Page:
Speaking to CoinTelegraph, about what “crypto-friendly” meant in practice, he argued that each country is free to define regulation as it sees fit.
With Ripple facing regulatory pressure in the US, but also potentially serving as the basis of central bank digital currencies in the future, it seems Hemachandra has a point.
Continuing on the issue, Hemachandra explained that China is considered one of the less crypto-friendly regions. The country is looking to create its own digital money supply, but it's not going to allow independent currencies to circulate, replacing it instead with a digital yuan.
“In some places, especially those where fiat currencies are unstable or highly inflationary, regulations may be against crypto, but there is widespread use of client-side crypto solutions”, Hemachandra said.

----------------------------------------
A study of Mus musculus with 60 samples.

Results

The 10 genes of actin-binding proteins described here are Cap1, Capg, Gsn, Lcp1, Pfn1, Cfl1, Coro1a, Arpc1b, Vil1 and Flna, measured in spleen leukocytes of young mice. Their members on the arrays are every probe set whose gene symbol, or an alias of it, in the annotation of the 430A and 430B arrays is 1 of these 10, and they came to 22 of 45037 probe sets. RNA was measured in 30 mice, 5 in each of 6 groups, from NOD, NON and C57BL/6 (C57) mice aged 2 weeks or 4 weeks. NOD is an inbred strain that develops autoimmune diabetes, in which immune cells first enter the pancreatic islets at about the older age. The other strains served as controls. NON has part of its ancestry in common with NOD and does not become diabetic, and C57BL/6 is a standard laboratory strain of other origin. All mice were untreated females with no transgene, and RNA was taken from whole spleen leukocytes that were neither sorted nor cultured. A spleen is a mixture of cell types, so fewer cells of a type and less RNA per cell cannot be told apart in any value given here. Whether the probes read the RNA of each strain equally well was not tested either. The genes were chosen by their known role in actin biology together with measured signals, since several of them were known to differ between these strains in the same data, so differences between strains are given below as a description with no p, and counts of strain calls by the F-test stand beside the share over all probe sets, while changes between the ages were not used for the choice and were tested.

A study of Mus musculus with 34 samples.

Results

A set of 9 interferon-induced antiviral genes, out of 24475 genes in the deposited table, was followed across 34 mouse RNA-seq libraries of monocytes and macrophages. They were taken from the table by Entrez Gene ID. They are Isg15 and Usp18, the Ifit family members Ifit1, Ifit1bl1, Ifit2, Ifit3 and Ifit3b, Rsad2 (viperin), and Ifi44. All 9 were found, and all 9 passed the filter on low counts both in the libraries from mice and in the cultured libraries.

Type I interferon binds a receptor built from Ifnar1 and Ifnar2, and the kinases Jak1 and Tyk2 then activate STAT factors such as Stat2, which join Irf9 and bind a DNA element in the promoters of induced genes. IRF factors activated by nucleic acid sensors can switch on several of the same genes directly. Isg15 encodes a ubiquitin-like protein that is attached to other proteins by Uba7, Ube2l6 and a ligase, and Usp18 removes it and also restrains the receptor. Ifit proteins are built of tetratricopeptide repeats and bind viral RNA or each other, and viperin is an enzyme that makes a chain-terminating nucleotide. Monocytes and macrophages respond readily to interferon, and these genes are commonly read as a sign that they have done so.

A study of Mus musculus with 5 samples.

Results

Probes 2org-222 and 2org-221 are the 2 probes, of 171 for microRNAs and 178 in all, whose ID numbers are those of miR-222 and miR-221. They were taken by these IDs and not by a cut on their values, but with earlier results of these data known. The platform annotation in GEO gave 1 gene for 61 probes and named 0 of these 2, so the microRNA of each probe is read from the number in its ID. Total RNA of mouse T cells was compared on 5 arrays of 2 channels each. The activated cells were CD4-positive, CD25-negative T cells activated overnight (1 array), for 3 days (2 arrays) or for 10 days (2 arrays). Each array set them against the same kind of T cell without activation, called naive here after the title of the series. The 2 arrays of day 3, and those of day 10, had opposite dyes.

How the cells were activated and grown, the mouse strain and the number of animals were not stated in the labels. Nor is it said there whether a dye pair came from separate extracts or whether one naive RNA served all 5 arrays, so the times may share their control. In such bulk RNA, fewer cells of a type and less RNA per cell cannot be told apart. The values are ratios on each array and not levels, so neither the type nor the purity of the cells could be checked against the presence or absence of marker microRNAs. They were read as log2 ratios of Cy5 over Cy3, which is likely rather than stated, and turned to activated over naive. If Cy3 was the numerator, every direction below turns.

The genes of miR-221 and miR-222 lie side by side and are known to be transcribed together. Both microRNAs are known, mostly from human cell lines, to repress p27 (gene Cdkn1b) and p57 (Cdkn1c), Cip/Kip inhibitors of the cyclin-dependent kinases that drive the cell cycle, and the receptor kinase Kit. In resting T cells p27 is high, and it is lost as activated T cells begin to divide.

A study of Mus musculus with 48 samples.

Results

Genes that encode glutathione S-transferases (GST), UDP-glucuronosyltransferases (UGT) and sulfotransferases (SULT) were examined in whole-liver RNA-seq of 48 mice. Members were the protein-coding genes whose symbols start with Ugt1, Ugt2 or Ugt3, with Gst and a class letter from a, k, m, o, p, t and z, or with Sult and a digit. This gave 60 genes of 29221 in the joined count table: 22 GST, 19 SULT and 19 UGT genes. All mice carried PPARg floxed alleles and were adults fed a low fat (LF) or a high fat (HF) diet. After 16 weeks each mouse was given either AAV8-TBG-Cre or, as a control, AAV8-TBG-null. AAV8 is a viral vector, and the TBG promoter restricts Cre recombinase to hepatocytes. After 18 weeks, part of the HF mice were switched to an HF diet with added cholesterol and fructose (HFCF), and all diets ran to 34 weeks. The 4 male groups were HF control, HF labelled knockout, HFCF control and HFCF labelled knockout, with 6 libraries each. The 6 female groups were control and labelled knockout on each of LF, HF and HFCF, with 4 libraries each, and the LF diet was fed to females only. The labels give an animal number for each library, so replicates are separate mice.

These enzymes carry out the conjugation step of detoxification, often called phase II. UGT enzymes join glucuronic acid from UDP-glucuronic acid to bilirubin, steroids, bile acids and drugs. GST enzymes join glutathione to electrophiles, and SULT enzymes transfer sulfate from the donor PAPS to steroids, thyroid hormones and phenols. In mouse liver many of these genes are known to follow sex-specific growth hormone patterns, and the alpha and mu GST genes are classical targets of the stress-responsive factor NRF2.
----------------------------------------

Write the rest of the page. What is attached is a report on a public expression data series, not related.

He continued by noting that while the most crypto-friendly places may seem like a catch, ultimately the entire concept of “crypto-friendliness” is a little misleading, as currencies should all strive towards global usage, unperturbed by any regulation.
Many crypto and blockchain projects have been able to achieve this, more or less, with household names such as Bitcasino, 1xBit, and FortuneJack now available globally.
Yet, arriving at uniform regulation will not be easy. The US, for example, has 50 different states which are sovereign from one another. While a federal law may apply, each state will have to decide how to adapt and allow the use of cryptocurrencies.
As Hemachandra says, it's all subjective, when it comes to how user-friendly countries or even individual jurisdictions are. As CGN noted earlier this year, blockchain gaming deserves regulatory clarity, but so does the entire industry.